Gender identity is the conceptualization of how we each see ourselves, gender-wise. It describes our degree of comfortableness with our assigned sex at birth and how congruently we feel we fit that descriptor. In reality, everyone lies on a gender identity continuum though our culture would have us believe otherwise. Instead of the binary classification we use, which is simplistic in nature, our identities are actually much more fluid and variable and can change over our lifetime as we grow and mature, interact with our environments and increasingly become who we are meant to be. It should be noted that in many other countries and cultures besides ours, gender is seen as lying on a continuum.
The problem with a binary system that identifies people as male or female is that it robs everyone of the right to be truly themselves embodying, to varying degrees, elements of both femaleness and maleness. To the degree that one’s gender deviates strongly from one’s assigned sex, and the self becomes “other”, a person can experience increasing levels of social alienation and “transphobia”. Even for those who feel comfortable identifying as “female” or “male”; a binary classification can imply that all who make up each category are exactly the same which is, of course, not true.
Reducing one’s gender identity to the biological sex category one was born into denies the complexity that is involved in the creation of such an identity. Gender identity is composed of several complex elements including: our biological sex, our sense of being female or male, our sexual orientation (who we are sexually attracted to, who we are emotionally connected to, who we have sex with) and the various changes in each of these factors over time. The combination and permutation of each of these variables interacting with each other argues for the creation of a classification of gender along a continuum where we would all be able to find ourselves.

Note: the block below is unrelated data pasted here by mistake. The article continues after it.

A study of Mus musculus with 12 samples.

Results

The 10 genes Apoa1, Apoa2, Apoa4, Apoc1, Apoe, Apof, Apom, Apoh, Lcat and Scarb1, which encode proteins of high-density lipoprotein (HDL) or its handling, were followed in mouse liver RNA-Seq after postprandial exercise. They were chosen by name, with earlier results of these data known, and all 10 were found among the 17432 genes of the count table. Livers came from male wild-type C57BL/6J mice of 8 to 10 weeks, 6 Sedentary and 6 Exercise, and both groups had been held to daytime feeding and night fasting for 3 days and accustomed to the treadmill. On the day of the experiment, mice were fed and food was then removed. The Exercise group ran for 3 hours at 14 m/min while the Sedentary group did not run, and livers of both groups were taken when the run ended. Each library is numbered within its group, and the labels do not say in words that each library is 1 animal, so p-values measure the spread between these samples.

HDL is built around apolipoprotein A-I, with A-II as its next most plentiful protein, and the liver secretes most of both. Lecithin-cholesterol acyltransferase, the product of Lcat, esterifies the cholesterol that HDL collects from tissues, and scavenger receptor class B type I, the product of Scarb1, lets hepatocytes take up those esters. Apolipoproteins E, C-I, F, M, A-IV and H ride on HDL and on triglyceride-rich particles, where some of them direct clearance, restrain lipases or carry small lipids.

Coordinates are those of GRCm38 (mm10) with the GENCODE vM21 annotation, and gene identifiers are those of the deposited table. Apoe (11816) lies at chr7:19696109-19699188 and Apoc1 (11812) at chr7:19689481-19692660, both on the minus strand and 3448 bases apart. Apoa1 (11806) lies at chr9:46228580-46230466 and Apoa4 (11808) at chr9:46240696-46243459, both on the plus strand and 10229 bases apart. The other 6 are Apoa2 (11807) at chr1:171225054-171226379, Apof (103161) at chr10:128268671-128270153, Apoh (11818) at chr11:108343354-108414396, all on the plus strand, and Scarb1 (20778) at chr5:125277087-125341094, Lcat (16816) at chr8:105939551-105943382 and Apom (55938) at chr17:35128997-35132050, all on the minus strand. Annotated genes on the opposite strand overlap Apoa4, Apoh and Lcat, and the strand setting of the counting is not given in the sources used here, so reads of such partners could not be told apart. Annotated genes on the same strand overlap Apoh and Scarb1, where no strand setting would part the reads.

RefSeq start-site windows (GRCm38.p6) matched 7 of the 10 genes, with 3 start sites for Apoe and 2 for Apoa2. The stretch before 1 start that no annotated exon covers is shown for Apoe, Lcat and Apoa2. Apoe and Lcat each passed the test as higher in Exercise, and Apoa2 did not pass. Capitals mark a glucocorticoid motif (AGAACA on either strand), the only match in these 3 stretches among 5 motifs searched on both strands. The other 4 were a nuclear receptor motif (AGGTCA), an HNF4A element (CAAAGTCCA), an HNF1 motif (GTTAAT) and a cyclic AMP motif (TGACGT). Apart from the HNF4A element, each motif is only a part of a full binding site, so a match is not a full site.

Much like the discussions and debates we used to have decades ago about the fluidity of sexual orientation and how the variables that composed that were not captured in the distinct, non-intersecting categories of “heterosexual”, “homosexual” and “bisexual”, it is hoped that the current dialogues on gender will go the same route. That is, hopefully it won’t be too long before our current restrictive gender classification will give way to more open and flexible descriptors which might capture more accurately the way all people view their gendered selves.
As a practical step towards this, perhaps we could bring intentionality to the subject; that is, practice not making assumptions about others’ gender, regardless of their presentation, and asking which gender pronouns they’d prefer being used for them. For those people who have been alienated by our current binary system, such actions would speak volumes.
I, myself, identify as a cis-female, that is as a non-trans female. I prefer “she” and “her” as pronouns when people refer to me.
What about you? Where would you fall on a gender identity continuum? What pronouns do you prefer? If you thought more about it, might they change?